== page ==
David Edwin Knight,
Matthias Scheler <firstname.lastname@example.org>
This is my all time favorite, I watch it regularaly, and am amazed at how the characters grow each time.
This is a great movie, and the critic's plot summary doesn't come close to helping you decide whether or not to watch it. It's NOT a tear jerker either. With this cast you're obviously not watching any rookies or male actors lost in their macho. Every character in this movie is played superbly, and becomes so real, that you can't help but feel like you are right in the middle of a slice of life in a little town on the coast of Florida.
Robert Duval (Walter) is a retired Cuban gentleman, Richard Harris (Frank) is a lonely, crusty retired sailor. Each lives alone, without any family around. They meet in the park at Franks' unwelcome prompting, and with some real reluctance on Walter's part. Shirley McClaine (Coonie) is the divorced motel landlord where Frank lives, and they go toe to toe over one issue after another, occasionally over a little Irish whiskey, including whether or not she'll let Frank get his hands on her. Sandra Bullock (Elaine) is Walter's favorite waitress at the Sweetwater Cafe, and they exchange fond jabs each time he comes around. Piper Lorie is a self respecting single lady, on whom Frank clumsily works his flawed romanatic magic in their town's only movie house.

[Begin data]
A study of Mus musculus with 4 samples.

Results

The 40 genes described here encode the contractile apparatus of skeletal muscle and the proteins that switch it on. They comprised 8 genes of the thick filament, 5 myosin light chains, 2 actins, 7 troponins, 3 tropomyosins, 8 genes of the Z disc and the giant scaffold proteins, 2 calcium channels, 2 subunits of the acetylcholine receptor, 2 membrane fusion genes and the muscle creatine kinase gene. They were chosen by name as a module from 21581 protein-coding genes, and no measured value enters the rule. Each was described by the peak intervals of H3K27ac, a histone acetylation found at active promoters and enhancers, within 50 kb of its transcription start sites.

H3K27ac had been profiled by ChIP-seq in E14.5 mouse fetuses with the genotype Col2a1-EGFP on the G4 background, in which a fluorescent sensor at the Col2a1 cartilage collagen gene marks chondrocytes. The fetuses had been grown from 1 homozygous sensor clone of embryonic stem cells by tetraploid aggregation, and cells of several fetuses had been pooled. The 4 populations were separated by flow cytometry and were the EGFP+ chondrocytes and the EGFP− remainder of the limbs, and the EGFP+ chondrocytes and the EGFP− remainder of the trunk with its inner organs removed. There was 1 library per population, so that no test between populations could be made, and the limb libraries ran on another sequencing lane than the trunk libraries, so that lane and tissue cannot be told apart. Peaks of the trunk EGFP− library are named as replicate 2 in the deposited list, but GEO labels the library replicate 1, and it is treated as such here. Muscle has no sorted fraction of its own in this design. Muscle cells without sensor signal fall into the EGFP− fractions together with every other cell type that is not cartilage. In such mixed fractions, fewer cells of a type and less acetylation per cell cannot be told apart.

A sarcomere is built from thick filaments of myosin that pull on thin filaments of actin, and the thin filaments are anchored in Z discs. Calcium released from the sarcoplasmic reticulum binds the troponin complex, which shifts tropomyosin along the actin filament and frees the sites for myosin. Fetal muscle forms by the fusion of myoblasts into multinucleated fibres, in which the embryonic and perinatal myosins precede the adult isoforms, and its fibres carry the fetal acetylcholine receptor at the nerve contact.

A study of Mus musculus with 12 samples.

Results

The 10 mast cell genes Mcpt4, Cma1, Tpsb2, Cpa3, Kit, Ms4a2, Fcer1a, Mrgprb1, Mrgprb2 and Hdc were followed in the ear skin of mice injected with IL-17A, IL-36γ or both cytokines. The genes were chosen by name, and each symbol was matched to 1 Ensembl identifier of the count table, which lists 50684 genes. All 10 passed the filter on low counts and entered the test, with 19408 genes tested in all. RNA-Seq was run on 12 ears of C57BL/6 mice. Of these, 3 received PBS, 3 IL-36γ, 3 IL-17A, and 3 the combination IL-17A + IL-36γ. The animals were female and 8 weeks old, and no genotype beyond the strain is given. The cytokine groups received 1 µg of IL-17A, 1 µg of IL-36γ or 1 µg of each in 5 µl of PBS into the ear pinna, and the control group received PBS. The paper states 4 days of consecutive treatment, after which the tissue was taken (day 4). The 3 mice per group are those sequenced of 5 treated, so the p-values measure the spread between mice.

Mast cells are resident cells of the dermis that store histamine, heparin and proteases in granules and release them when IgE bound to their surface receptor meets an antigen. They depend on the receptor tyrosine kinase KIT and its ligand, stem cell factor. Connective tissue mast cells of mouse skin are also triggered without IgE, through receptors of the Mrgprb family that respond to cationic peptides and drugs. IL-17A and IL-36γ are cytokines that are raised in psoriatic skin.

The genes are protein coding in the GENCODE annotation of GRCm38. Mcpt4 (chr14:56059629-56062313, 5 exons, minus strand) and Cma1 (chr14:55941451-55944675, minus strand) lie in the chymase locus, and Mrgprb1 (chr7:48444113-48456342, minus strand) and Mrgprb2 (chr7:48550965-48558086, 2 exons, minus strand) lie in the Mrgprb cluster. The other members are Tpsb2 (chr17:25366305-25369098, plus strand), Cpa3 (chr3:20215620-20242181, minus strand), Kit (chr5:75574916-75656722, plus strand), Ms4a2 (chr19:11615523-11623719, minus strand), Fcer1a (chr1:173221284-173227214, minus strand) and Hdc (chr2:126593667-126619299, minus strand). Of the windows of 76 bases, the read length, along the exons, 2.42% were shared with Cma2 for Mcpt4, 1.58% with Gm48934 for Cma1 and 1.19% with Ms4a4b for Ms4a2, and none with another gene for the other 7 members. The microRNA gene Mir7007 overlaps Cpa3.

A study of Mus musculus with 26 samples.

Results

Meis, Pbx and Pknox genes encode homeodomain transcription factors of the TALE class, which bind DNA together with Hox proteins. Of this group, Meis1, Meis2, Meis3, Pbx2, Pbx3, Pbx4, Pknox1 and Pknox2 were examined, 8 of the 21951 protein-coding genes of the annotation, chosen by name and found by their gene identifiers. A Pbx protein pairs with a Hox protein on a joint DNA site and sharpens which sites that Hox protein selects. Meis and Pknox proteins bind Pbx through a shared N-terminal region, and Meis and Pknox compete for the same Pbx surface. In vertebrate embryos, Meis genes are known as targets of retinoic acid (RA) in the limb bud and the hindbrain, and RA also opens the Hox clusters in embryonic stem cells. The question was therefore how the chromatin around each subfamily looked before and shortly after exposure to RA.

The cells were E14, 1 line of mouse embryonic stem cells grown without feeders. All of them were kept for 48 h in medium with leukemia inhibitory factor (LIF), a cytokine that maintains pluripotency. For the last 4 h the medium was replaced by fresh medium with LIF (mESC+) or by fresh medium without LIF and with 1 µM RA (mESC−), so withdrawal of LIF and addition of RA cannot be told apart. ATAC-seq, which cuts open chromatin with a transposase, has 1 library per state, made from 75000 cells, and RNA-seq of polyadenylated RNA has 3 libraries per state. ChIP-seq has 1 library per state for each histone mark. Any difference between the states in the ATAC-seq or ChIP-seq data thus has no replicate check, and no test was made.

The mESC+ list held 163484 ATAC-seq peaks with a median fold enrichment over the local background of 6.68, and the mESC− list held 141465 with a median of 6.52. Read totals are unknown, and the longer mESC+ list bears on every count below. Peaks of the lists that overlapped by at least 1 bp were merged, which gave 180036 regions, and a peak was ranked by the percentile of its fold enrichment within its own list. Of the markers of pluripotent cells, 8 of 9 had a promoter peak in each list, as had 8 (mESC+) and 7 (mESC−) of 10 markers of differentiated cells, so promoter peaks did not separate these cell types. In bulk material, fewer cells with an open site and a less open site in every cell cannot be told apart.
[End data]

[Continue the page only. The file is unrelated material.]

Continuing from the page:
At the center of this light drama is the unlikely and rocky friendship developing between Frank and Walter. With the backdrop of a laid back little coastal town, and moving to wonderful cuban music and rhythms, each one of the characters and relationships unfolds a little at a time, and begin to cross over one another. Just as you get to know people in your life a little at a time, these folks become more and more themselves as the story unfolds.
The timing, setting, filming, music, and subtleties of the characters and the script work beautifully so that you fall right into it all.
The ending is tender, wistful, and the characters just seem to go their own way. This is like that book you read, where halfway through you started dreading the last few pages.
9 of 9 people found this review helpful.